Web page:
Multiple Shark Attacks on Yacht off Australian Coast Lead to Sailors Abandoning Damaged Vessel

Russian vessel with logo.png © Australian Maritime Safety Authority
Russian vessel with logo.png © Australian Maritime Safety Authority

On Wednesday, the Australian Maritime Safety Authority (AMSA) reported that the catamaran, situated in the Coral Sea near Cairns, suffered damage to both of its hulls as a result of several shark attacks.

Satellite imagery and a video accessible through the AMSA website revealed a significant portion of the yacht’s stern being torn apart.

“The vessel departed from Vanuatu and was bound for Cairns (Australia) when contact was established,” Amsa said in a statement.

The yacht, known as the Tion, was situated approximately 835 kilometres (519 miles) southeast of Cairns in the Coral Sea when emergency response teams were mobilized around 1:30 AM on Wednesday.

This nine-meter inflatable catamaran, registered in Russia, was reportedly part of a global expedition, a fact confirmed by the Russian Geographic Society, as reported by ABC News.

In their official statement, AMSA mentioned that they enlisted the assistance of a Panama-flagged vehicle carrier named the Dugong Ace and dispatched the Challenger Rescue Aircraft from Cairns to the scene, successfully executing the rescue operation.

The three passengers, consisting of two Russians identified as Evgeny Kovalevsky and Stanislav Beryozkin, along with French citizen Vincent Thomas Garate Etienne, are expected to arrive in Brisbane on Thursday.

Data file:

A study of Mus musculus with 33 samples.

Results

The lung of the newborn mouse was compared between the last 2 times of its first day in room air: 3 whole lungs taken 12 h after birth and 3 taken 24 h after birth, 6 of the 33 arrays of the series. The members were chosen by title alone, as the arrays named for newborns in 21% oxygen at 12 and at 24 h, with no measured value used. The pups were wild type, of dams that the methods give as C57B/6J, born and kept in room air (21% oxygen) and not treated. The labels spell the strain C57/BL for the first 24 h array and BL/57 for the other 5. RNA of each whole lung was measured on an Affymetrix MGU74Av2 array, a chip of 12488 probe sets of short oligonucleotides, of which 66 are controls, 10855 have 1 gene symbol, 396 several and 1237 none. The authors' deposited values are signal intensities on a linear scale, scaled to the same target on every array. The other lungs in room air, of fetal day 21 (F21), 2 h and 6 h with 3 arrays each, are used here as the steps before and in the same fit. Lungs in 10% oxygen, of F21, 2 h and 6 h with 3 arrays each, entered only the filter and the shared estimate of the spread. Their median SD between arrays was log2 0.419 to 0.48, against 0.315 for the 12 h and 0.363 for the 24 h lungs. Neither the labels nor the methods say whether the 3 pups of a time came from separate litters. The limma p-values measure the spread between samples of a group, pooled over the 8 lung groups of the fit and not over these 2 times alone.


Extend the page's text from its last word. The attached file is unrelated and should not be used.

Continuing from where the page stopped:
The spokesperson for the Russian Geographic Society explained that their expedition was in commemoration of two significant milestones: the 250th anniversary of the birth of explorer Adam Johann von Kruzenstern and the bicentennial celebration of the discovery of Antarctica by Russian explorers.

This remarkable journey commenced from St Petersburg on July 1, 2021, with the ambitious goal of setting a record for the longest cruising distance covered on a frame-inflatable sailing trimaran, as reported by local sources.

However, the sailors had previously been rescued from the trimaran, named the Russian Ocean Way, off the coast of Chile in March. The Tion-Russian Ocean Way constitutes the second vessel of the expedition, having been launched in April.

Remarkably, the vessel also encountered shark-related damage in Tahiti in June.

Joseph Zeller, an Amsa responder, was quoted as saying by ABC News that “the sailors were very lucky because they had an emergency distress beacon… which enabled us to tell the most appropriate and fastest response to rescue them”.

“They were very well prepared, they were calm, but of course, they were elated to be rescued.”